Thu August 2, 2012
In this morning's state news headlines. . .
City of Wyoming cannot ban medical marijuana
Michigan’s Court of Appeals has struck down a city ordinance banning medical marijuana. The Grand Rapids suburb of Wyoming is one of a few local governments that has banned medical marijuana – citing federal drug laws. A Wyoming resident and medical marijuana patient sued the city. Yesterday the Court of Appeals ruled cities cannot ban medical marijuana because state law allows it. The judges say any prosecution under federal laws would be up to the federal government, not local governments. A similar case against the City of Birmingham in metro Detroit is pending.
Search for Asian carp in Lake Erie
Scientists have begun searching two of western Lake Erie's bays and tributary rivers for signs of dreaded Asian carp. Officials announced last month that DNA from bighead and silver carp had been detected in Lake Erie water samples taken a year ago. They said the six positive hits among more than 400 samples they examined didn't necessarily mean the invasive fish have established a population in the lake. Natural resource departments in Michigan and Ohio are teaming with the U.S. Fish and Wildlife Service to take a closer look. Crews are collecting water this week in the Sandusky River and Bay and the Maumee River and Bay, in the same areas where the positive samples were taken in 2011. Next week, they will use electroshocking and netting to catch fish.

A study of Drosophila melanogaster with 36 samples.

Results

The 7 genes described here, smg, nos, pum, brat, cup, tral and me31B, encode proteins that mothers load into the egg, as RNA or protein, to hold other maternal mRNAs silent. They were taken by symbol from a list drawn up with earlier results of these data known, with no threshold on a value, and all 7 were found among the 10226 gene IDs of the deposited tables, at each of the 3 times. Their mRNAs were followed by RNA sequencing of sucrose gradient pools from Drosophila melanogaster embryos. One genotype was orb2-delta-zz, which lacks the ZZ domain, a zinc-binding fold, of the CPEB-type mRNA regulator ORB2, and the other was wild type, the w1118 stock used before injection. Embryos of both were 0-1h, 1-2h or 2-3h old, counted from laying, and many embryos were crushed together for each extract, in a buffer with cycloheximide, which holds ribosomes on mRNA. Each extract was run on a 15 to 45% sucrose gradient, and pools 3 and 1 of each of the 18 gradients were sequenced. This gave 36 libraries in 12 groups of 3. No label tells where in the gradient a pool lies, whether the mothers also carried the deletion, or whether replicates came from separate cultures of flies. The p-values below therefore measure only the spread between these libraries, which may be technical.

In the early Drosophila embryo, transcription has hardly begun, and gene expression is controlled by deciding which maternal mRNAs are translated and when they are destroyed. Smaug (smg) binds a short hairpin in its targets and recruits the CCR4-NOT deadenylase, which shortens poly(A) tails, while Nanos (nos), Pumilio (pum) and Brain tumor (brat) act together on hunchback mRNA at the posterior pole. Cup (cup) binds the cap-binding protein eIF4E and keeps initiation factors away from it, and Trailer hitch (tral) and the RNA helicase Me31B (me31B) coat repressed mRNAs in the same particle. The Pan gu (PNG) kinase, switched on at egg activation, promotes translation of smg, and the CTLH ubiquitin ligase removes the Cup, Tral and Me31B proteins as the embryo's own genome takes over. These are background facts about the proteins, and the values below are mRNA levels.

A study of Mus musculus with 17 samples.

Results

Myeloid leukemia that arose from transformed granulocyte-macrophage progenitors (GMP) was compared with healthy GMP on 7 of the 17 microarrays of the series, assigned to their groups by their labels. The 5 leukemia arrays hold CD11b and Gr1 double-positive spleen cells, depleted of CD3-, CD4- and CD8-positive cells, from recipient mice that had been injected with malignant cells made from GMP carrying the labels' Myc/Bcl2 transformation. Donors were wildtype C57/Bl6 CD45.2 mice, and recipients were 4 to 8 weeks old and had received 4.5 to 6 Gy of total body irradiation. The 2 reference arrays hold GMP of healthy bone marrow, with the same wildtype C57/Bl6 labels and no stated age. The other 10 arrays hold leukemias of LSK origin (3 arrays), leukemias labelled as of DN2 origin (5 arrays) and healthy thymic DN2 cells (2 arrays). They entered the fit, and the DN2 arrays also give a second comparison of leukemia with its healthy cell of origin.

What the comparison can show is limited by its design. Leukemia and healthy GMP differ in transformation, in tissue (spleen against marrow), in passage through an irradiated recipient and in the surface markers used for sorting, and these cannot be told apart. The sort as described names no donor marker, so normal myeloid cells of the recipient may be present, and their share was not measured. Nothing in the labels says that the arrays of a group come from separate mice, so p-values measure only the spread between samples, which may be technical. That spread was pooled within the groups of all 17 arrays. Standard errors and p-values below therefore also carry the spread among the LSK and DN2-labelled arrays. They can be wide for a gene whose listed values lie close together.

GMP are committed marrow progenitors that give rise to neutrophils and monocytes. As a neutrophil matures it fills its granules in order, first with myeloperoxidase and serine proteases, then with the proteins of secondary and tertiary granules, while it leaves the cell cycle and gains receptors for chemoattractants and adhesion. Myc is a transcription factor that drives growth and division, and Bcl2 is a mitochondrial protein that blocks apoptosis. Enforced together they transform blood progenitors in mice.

Michigan Attorney General Bill Schuette says hundreds of juveniles sentenced to life without parole for murder or complicity in a murder should not get re-sentencing hearings. Schuette says a U-S Supreme Court ruling that struck down Michigan’s mandatory life without parole law for juveniles should only apply to future cases. He has asked the state Supreme Court to limit the scope of the federal decision.
Deborah LaBelle is an attorney with the American Civil Liberties Union. She says if Schuette prevails, the effect would be catastrophic on people sent to prison as juveniles who were not given a fair shake by the system. Schuette says it’s not fair that murder victims’ families would have to return to court for re-sentencing hearings after they were assured their cases were over.